The Central Bank’s admission that it does not know how many business loans have been sold to vulture funds has been described as incredible by Fianna Fail’s finance spokesman.
Michael McGrath called on the regulator to establish a register of banks’ loan sales after it told Michael Noonan, the finance minister, that it had no record of the number of commercial loans sold by banks. Vulture funds invest in struggling companies and may then force them to repay debts with interest.
Mr McGrath said: “We know that a very significant number of SME business loans have been sold on by banks, the IBRC special liquidator and Nama in recent years and these have generally been bought by private equity funds or so-called vulture funds.
“Typically, these funds adopt a shorter time horizon when making decisions and may well be more inclined to move on the borrower in order to get control of the business or the underlying assets.”
He also described the lack of transparency over the sale of banks’ loan books as worrying. “It is incredible that the Central Bank has no record of the number of business loans that have been sold on to vulture funds.
“Further, the loans may well be sold on again by the funds themselves and the Central Bank will have no knowledge of where they end up. An SME could find that its loans have been bought by pretty much anyone who merely has to appoint a credit servicing firm to comply with the existing law.”
Separately, figures released by the Banking and Payments Federation showed that close to 3,400 new mortgages were approved in the three months to the end of November — an increase of 30.8 per cent on the same period last year. The value of mortgage approvals surged by 61 per cent year on year in November, following a 29 per cent increase the previous month.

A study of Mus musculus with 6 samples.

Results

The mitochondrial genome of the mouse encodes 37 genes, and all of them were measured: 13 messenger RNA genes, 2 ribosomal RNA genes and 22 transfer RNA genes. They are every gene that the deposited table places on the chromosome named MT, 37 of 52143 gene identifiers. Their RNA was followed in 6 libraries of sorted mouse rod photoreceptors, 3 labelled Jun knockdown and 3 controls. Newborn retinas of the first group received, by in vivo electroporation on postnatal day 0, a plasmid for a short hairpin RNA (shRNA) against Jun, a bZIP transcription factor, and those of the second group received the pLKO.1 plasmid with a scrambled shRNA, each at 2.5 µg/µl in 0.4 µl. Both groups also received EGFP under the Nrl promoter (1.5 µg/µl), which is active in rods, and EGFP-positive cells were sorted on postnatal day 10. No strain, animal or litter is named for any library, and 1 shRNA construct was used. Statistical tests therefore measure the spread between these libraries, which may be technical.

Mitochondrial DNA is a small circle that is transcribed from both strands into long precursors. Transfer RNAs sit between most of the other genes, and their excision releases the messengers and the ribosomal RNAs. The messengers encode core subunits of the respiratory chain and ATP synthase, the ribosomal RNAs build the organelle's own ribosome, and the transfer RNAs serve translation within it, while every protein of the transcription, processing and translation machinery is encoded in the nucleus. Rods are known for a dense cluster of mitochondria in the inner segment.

A combination of higher volume growth, which was up 46 per cent, and average loan sizes, which were 13 per cent larger, contributed to the growth in the total value of loans approved last month.
Dermot O’Leary, the chief economist at Goodbody Stockbrokers, said the government’s help-to-buy mortgage rebate scheme and looser Central Bank lending rules should result in a significant increase in the number of mortgage drawdowns next year. “The latest mortgage approval trends bode well for mortgage activity in Ireland in 2017. We are forecasting growth of 19 per cent in mortgage drawdowns in 2017. Recent approval trends suggest that this forecast might prove to be conservative,” Mr O’Leary said.